March on the Drina (film)

March on the Drina

Theatrical release poster
Directed by Žika Mitrović
Screenplay by
Cinematography Milorad Marković
Edited by Katarina Stojanovic
Release dates
  • July 17, 1964 (1964-07-17)
Running time
107 minutes
Country SFR Yugoslavia
Language Serbo-Croatian

March on the Drina is a 1964 Yugoslav war film co-written and directed by Žika Mitrović.[1] The film was released by the Avala Film studio in Belgrade. The screenplay was written by Žika Mitrović and Arsen Diklić. The title is derived from the eponymous 1914 musical composition by Stanislav Binicki.

The film is based on a historical event, the Battle of Cer, which took place in 1914 during World War I. The film chronicles the experiences of a Serbian artillery battery of the Combined Division as it makes a forced march to the Cer Mountain in western Serbia to meet Austro-Hungarian troops who have invaded the country by crossing over the Drina River. The Battle of Cer was a landmark battle of World War I as the first Allied or Entente victory of the war over the Central Powers.[2]

In 2014, the film was featured at the Zagreb Film Festival in Croatia in a series on World War I movies.


The film starts with the publication of general mobilization in Serbia on July 26, 1914 in Belgrade. An artillery second lieutenant, who comes from a wealthy banking family, was assigned to the artillery battery. During the Balkan Wars of 1912-1913, he was a member of the Commission, which had provided guns for the army. His family now wants to put him in the commission again. He wants to join the battery and go to war instead.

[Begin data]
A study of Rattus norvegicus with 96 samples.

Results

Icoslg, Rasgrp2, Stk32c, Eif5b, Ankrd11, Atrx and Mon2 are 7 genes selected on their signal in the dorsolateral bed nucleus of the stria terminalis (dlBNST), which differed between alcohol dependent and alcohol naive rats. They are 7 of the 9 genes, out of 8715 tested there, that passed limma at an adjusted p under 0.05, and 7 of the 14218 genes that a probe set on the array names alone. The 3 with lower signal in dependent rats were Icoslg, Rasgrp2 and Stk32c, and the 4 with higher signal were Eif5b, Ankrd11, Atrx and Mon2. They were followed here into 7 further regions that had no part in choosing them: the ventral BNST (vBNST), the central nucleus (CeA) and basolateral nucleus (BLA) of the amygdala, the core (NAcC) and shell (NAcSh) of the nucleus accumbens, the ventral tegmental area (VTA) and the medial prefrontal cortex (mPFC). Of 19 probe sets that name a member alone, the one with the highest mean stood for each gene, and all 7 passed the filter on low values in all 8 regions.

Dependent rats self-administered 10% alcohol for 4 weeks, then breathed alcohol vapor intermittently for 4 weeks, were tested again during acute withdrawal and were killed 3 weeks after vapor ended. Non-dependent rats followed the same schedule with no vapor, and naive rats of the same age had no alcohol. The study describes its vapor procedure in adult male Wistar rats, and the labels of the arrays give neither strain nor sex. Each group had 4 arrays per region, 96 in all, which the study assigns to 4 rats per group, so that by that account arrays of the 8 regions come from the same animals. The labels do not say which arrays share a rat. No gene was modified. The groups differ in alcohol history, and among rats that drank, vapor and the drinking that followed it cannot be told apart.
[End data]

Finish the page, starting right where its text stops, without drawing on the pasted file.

The artillery battery is deployed to western Serbia where an Austro-Hungarian attack is anticipated. They are deployed to Arandjelovac while their leaders are meeting. At the meeting, an infantry major, Kursula, gives his opinion on the main attack: Austria-Hungary will attack Serbia over the river Drina, not across the river Sava, as was expected.

On August 10, the artillery battery arrives in Aranđelovac, which expects the orders of their commanders, who are at the meeting.

On August 14, the artillery battery enters Lazarevac where it stays for a short period before again moving on. The Supreme Command of the Serbian army rejects the idea that the main attack of the Austro-Hungarian Army will be across the Sava river. The attack is expected along the Drina River. The division is, therefore, redeployed to western Serbia to the Drina.

By August 15, the battery reaches the foot of Cer Mountain where it joins in the battle.

On August 16, the Combined Division starts to struggle. Enemy forces attacked them suddenly, forcing them to retreat from the position. They withdraw from Cer Mountain to save the lives of the soldiers. A sergeant from the battery quickly disassembled a gun so that if it falls into the hands of the enemy, it cannot be used in combat. Upon withdrawal, Major Kursula goes to the village Tekeriš, where the supreme command of the Serbian army resides. Kursula reports to commander General Stepa Stepanović. In the afternoon, the army counter-attacked and managed to defeat the enemy troops and force their withdrawal across the Drina River into Bosnia.